Four emergency care assistants sat down at lunch to tell us how they were getting on with the first training course of its kind, to develop them into technicians.
- Abbey Goodchild is based in Ipswich and has been with EEAST for around six years. She joined as an ambulance care assistant with the non-urgent patient transport service.
- Suzie Brooks is based in Bury St Edmunds and has been with EEAST for six years. She started with the ambulance service as a dispatcher but realised that out on the road is where she wanted to be.
- Lee Clark is based in Luton and joined EEAST 21 months ago with no previous clinical background, having had a long career as an electrician since leaving school.
- John Hughes is based in St Albans and joined EEAST 23 months ago after undertaking various roles in healthcare including a GP out of hours service.
So how’s the course going?
JH: There’s so much more depth – before we were told this is what you do if this happens but now we’re actually understanding more about why we do it and how the body works. We were taught the skills to assist the clinician when coming across certain injuries and illnesses, now we’re being taught to be the clinician and learn how to have a better understanding of injury and illness and how to independently treat
LC: The training’s really opened our eyes and we’re starting to join the dots from what we’ve learned before.
JH: But with the help of the tutors, we’re being taught and learning so much.
LC: The tutors have worked so hard to make the course work for us and teach us everything we need to know.
On the specifics…
SB: The course is about 50/50 between practical and theory which is great really. The tutors want you to be good clinicians and it shows.
AG: I like the balance of the practical and theory elements of the course, it really suits me, and I think the level of the course is about right too; we’ve all got road experience and we’re now gaining the background knowledge to add to it.
JH: It’s great that we can just do more for patients like administer drugs and control their airway, and that’s really satisfying.
What happens after this?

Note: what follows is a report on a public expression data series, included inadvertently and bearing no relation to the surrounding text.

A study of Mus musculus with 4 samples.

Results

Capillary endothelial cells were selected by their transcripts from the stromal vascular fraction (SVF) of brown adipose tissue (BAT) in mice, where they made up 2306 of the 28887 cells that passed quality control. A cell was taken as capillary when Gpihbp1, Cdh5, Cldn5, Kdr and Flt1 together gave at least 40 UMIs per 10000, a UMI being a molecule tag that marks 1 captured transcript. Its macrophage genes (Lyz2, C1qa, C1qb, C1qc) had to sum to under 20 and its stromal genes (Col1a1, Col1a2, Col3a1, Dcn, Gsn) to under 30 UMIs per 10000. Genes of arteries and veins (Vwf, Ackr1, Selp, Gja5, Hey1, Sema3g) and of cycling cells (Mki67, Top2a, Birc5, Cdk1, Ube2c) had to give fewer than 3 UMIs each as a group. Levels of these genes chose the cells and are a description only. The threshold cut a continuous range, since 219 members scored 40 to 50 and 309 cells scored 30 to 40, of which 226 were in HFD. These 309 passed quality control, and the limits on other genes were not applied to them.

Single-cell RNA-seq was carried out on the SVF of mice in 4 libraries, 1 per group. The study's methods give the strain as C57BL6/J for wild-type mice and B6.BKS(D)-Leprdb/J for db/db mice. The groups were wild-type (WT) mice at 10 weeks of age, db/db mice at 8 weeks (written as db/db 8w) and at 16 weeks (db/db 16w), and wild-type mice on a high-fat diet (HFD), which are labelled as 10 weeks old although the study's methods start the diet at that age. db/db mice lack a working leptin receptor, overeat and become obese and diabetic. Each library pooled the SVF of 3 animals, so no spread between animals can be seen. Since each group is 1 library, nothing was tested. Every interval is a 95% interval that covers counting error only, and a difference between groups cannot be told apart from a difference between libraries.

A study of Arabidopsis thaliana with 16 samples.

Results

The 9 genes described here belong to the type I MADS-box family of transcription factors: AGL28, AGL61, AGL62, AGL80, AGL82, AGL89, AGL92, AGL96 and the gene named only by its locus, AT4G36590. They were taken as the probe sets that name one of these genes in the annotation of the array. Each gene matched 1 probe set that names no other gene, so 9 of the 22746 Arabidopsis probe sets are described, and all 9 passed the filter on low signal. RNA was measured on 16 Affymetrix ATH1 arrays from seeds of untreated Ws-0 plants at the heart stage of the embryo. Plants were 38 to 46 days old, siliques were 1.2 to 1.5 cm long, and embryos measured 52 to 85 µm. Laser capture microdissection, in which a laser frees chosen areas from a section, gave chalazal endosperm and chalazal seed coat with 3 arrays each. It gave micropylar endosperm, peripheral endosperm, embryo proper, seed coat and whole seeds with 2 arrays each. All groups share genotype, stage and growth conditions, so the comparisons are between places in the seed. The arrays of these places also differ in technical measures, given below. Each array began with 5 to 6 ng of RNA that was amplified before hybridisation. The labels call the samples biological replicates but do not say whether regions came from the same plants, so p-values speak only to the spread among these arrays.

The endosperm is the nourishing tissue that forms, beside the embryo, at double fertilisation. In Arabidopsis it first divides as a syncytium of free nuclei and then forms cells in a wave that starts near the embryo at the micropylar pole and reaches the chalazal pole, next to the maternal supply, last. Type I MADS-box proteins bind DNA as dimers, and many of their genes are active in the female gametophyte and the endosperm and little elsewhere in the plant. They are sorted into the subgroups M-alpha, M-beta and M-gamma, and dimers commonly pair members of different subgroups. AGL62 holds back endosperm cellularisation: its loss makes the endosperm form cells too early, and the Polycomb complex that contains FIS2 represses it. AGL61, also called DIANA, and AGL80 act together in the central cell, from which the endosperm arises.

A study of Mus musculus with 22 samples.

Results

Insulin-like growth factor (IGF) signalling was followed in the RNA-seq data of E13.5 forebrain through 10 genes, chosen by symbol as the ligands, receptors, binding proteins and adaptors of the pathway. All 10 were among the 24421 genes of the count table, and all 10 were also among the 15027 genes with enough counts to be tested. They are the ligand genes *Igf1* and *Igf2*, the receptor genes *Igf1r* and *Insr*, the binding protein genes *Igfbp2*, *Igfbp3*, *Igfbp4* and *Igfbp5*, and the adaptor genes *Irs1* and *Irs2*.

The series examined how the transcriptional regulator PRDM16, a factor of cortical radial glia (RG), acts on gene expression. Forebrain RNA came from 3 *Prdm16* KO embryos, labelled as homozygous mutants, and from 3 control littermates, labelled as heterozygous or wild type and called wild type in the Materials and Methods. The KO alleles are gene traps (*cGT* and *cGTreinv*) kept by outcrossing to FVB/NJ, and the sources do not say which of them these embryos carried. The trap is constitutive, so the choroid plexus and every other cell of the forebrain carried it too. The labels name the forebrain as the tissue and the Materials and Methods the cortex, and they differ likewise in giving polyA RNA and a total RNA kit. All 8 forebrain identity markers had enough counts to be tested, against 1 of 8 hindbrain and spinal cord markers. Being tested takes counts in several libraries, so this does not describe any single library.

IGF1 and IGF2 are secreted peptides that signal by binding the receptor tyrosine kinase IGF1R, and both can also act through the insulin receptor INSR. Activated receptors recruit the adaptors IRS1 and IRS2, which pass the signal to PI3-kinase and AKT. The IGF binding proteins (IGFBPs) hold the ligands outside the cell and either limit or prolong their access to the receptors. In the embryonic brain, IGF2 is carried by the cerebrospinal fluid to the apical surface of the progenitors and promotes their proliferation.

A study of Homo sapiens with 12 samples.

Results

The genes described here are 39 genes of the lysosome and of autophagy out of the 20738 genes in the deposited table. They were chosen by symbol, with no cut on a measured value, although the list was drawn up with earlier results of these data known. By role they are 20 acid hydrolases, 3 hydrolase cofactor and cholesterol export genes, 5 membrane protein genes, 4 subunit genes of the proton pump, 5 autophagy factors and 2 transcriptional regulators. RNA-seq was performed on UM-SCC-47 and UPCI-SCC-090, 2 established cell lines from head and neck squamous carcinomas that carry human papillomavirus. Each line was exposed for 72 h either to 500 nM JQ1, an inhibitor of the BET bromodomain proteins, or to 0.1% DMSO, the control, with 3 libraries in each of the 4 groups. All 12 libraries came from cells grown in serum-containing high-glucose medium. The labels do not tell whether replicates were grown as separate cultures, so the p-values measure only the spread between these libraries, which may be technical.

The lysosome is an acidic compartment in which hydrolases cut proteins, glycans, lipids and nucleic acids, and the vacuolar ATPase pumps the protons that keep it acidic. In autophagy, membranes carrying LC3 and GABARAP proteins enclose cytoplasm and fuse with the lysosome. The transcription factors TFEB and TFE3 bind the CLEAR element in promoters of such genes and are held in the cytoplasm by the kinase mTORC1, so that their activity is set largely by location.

AG: Well, thankfully we have our portfolios to complete before we qualify as EMT’s, so we’ve got some time to practice under supervision before being let loose on our own. I’m pleased to think there’s additional time for us to get used to working as an EMT, as it feels like a big step at times!
SB: We’ll have more autonomy to be able to treat patients and make decisions. Sometimes it can be frustrating as an ECA when you feel like you’ve gained enough experience and you want to do more so this is a fantastic opportunity.
On becoming a paramedic…
AG: I’m really happy to be making clinical progress at the moment, and whilst I would like to become a paramedic one day, I want to be a competent technician first, so one step at a time.
SB: I always wanted to be in operations and I joined in the hope that I could become a paramedic. It’s a big step from ECA to EMT but we’ll see what opportunities the future holds.
JH: Hopefully but I want to progress steadily and really get the feel of being an EMT first.
LC: I wouldn’t have been able to access the paramedic university pathway because I have a young family to consider. I’d like to progress to paramedic but I’ll have to see what future opportunities arise and consider it then. This has been a fantastic opportunity to progress to EMT and gain the experience and clinical confidence first.
What would you say to other ECAs?
JH: I hope this encourages others to be more proactive and learn more about the clinical side. Ask senior colleagues questions about their roles and take more of an interest. You can get to the next level because opportunities will come along.
LC: I know as an EMT I can empathise with ECAs because I know what it’s like to be in that position. I think there’s room for more understanding among colleagues towards ECAs and now there is this pathway, ECAs can progress and develop, hopefully bring a whole culture shift.